We were lead to the subject of megastructure during research for the exhibition Ideal City – Invisible Cities. As part of this project we showed Plug-in City and New Babylon as descendents in a long line of ideal urban designs. Within the exhibition the subject could only be touched on briefly however, as it would have exploded the entire concept of the ideal city.

The megastructuralists’ close connection to the Sixties’ art scene and emancipatory movements has been described and analysed in various publications. Now, as interest in modernist ideas and forms of expression appears to be re-awakening, seems a particularly appropriate time to make these designs accessible to a wider public in a large exhibition offering an overview.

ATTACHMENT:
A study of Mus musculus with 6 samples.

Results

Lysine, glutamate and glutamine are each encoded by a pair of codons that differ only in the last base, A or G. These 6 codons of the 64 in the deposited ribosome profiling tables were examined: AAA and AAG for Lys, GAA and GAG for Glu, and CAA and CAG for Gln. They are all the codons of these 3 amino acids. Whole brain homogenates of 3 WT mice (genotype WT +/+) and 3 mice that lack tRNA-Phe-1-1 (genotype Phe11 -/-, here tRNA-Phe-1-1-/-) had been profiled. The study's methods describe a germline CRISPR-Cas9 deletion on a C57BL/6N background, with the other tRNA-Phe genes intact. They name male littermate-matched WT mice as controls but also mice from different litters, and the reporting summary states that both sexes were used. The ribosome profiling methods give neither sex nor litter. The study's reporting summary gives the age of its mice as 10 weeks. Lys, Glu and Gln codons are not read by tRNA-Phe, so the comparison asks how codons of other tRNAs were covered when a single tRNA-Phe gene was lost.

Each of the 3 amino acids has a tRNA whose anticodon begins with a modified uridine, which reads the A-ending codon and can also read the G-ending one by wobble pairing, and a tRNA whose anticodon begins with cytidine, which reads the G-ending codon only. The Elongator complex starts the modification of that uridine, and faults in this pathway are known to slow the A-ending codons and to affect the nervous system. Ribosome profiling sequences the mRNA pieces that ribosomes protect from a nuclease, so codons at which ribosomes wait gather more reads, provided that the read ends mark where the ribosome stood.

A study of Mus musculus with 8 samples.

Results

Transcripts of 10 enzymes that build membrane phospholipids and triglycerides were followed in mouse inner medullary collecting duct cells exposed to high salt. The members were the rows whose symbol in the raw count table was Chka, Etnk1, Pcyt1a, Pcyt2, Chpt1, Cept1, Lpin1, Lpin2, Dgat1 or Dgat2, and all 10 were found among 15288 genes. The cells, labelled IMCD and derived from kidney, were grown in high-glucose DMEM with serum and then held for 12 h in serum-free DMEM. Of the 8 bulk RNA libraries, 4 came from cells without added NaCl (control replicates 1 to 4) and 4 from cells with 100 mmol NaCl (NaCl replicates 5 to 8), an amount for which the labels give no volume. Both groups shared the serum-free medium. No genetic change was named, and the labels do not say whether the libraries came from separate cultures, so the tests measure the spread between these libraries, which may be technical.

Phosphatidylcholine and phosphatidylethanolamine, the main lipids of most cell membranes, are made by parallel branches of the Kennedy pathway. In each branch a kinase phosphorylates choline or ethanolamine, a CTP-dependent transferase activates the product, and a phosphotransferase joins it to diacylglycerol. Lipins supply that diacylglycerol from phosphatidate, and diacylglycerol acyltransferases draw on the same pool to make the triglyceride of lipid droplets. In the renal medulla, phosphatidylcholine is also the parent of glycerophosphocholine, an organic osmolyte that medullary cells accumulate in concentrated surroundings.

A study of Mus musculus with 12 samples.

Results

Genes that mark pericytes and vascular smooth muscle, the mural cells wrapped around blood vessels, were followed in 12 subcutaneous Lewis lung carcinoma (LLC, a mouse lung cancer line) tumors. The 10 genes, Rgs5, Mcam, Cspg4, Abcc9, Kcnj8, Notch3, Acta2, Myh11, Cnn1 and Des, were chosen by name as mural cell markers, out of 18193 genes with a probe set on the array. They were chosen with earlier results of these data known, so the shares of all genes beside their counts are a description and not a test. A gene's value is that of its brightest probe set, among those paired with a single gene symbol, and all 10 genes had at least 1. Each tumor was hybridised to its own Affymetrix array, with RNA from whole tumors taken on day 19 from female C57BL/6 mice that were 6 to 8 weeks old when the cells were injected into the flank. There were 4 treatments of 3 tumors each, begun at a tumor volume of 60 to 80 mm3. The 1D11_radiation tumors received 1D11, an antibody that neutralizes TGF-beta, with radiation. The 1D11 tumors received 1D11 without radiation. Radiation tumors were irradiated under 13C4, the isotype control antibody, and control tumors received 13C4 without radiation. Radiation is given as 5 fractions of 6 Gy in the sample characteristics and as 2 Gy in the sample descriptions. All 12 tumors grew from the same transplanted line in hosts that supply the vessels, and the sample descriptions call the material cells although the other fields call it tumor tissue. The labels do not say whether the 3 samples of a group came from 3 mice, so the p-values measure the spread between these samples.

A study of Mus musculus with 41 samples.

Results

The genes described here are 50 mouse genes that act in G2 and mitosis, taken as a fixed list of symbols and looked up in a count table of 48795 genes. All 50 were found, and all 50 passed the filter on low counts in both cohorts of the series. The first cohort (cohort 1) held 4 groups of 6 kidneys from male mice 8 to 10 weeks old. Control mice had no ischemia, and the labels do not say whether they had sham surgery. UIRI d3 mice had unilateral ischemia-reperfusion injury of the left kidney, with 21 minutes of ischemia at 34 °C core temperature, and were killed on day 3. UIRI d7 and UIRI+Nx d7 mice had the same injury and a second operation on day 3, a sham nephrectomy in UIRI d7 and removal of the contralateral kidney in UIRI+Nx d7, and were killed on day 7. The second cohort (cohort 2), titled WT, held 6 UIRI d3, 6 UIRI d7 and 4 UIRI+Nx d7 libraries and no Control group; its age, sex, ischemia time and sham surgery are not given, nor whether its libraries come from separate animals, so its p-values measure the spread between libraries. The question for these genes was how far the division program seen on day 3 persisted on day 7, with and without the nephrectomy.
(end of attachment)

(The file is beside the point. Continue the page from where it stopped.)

Added to this, the megastructuralists’ ideas are now highly relevant in the light of the problematic facing mega-cities in the ‘newly industrializing countries’ in Asia, Africa and South America. In the forty years since the ‘discovery’ of Plug-in City and New Babylon, ‘megastructures’ have developed in the form of free growing suburbs, independent of any urban design vision. While a quarter of all cities in the industrial countries shrank during the 1990s, cities worldwide continue to grow. In 1950 there were 86 cities with over a million inhabitants; today there are 400. In 2015 the figure will be 550. Already 50% of the world’s population live in cities (3.2 billion). The Indian city Mumbai will have an estimated 33 million inhabitants by 2025. In thirty years three-quarters of the world’s population will live in such overflowing urban agglomerations.

Given these figures, the question is whether the problems of mega-cities can be overcome with the conventional city-planning tools. MEGASTRUCTURE RELOADED therefore aims to put the visionary planning of the 1960s back up for debate and to place it within the context of contemporary artistic perspectives.